Dec 20, 201308:47 AMBlaska's Bring It!
with David Blaska
Merry Christmas and free speech to all, from our Stately Manor to yours
All right, enough of that mush! On to politics, rubbed and raw, the way I likes it!
“If the state bans speech that is offensive to some, where does it stop? A person or persons’ right to speak does not end just because what they say or how they say it is offensive.” Thus spake Gov. Scott Walker, Unintimidated author, in a letter to Wisconsin tribal officials explaining why he signed into law a reformed procedure for challenging school nicknames. Had he not done so, Blaska’s undercover operatives would have found someone in DeForest to challenge their schools’ Norsemen moniker, and Stoughton’s offensive Vikings. Two can play.
Are the good people of Mukwonago racists for naming their kids’ sports teams the “Indians”? (The local weekly newspaper calls itself the Chief.) Now, instead of one unelected Madison bureaucrat making that determination, the community itself can debate. Is anyone being denied a seat at the lunch counter? Turned away from the schoolhouse door? Or someone far off declaring their thin-skinned offense? Didn’t UW-Madison try to prohibit “offensive” speech.
In any event, the new law retains a path for adjudication: 10% of the local citizenry can force the issue. That mechanism replaces the single, solitary busybody who could initiate the Doyle star chamber proceeding in Madison.
I do give Rob Thomas of The Capital Times great credit for synthesizing the issue with other developments along the free speech line. Rob writes:
Between this and the “Duck Dynasty” guy, conservatives have been awfully big on free speech this week. Less so when somebody says something they disagree with, such as when MSNBC host Martin Bashir resigned after saying something offensive about Sarah Palin.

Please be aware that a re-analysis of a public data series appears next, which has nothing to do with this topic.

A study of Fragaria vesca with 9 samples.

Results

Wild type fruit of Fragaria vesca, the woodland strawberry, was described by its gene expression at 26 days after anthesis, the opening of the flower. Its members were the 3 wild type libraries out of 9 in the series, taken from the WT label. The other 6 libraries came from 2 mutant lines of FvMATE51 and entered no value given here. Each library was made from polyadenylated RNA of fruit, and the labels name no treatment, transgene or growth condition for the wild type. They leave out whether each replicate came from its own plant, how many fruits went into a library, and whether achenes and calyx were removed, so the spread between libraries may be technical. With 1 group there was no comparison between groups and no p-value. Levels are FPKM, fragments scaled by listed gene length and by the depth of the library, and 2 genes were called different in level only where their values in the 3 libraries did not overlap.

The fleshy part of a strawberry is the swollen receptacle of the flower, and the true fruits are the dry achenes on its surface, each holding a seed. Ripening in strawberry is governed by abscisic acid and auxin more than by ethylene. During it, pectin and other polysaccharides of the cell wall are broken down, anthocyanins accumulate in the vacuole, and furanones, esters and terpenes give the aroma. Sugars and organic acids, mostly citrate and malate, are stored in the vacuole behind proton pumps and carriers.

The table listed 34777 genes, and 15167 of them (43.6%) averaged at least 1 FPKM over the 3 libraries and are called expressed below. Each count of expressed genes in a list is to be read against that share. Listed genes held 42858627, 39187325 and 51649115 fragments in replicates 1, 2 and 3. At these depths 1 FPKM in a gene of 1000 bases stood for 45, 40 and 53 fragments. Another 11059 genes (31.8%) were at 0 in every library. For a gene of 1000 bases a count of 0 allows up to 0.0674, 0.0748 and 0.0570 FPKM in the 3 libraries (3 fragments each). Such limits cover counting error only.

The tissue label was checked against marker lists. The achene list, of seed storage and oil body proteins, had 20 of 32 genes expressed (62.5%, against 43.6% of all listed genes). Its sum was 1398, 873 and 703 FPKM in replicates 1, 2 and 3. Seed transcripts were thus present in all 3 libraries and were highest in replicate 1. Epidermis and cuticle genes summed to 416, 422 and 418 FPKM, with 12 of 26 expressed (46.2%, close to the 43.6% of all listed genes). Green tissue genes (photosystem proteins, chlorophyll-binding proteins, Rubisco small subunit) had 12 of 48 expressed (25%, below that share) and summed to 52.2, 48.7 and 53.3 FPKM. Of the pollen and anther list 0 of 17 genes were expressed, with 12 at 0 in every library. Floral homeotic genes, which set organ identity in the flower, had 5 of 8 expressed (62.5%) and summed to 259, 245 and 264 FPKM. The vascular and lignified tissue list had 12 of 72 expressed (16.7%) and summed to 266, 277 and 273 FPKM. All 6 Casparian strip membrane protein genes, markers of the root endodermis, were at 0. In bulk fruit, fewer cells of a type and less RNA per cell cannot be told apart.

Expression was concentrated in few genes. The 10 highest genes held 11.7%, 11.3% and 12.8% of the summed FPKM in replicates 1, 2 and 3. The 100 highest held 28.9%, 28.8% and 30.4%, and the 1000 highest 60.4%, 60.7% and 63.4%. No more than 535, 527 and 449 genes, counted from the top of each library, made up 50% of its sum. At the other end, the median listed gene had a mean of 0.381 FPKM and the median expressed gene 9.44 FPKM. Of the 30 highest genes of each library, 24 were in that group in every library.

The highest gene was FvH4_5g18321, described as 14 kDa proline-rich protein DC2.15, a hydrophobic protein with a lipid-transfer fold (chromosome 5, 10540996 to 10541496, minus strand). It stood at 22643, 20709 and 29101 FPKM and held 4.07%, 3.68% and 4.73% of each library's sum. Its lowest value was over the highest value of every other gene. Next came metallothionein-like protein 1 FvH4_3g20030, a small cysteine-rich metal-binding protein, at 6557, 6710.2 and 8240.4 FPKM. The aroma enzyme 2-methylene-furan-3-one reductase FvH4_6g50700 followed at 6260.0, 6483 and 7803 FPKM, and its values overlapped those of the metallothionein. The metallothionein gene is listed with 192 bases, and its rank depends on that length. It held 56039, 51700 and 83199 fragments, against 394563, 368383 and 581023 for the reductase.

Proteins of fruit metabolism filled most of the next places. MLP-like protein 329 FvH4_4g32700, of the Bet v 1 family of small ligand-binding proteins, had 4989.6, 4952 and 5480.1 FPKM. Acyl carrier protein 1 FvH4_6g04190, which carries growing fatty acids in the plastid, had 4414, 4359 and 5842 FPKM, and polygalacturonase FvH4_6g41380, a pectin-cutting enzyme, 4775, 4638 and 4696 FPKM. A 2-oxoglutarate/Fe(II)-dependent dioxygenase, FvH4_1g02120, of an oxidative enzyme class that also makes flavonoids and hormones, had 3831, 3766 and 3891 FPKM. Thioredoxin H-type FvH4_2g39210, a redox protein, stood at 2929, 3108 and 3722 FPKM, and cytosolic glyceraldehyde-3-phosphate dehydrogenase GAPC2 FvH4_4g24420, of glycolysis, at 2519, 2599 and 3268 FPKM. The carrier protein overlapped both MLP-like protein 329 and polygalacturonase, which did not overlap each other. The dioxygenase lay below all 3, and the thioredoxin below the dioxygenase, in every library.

Blaska is offended by that comment, Rob. Don’t worry, you don’t have to cower; it is easily corrected. Conservatives didn’t fire Martin Bashir; MSNBC did. Furthermore, the Duck Dynasty guy did not threaten or suggest any harm to gay people, as Bashir did. The Duck Dynasty guy merely expressed his personal sexual preference — “that’s just me.” He did use the word “sin — it’s not logical, my man.” (Full quote here.) I hope that remains permissible in America. Compare that with Bashir’s loathsome revenge fantasy — expressed on air, not in a third-party interview.
Of course, the A&E cable channel is under no more obligation than MSNBC to provide a platform for anyone. Nor is the State Journal obligated to give The Squire a twice-weekly, Page One opinion column complete with flattering mug shot — no matter how much marketing sense that would make. It is as much a violation of the First Amendment for the state to require speech as it is to deny it. The FCC’s little-lamented (outside of progressive circles) Fairness Doctrine only suppressed free political speech.
The Democratic Party of Wisconsin remains free to indulge its own revenge fantasies. Beats an actual, you know, platform. Until Wednesday, its website declared — with no hard evidence — that its hated nemesis, Scott Walker, was kicked out of Marquette University as a student.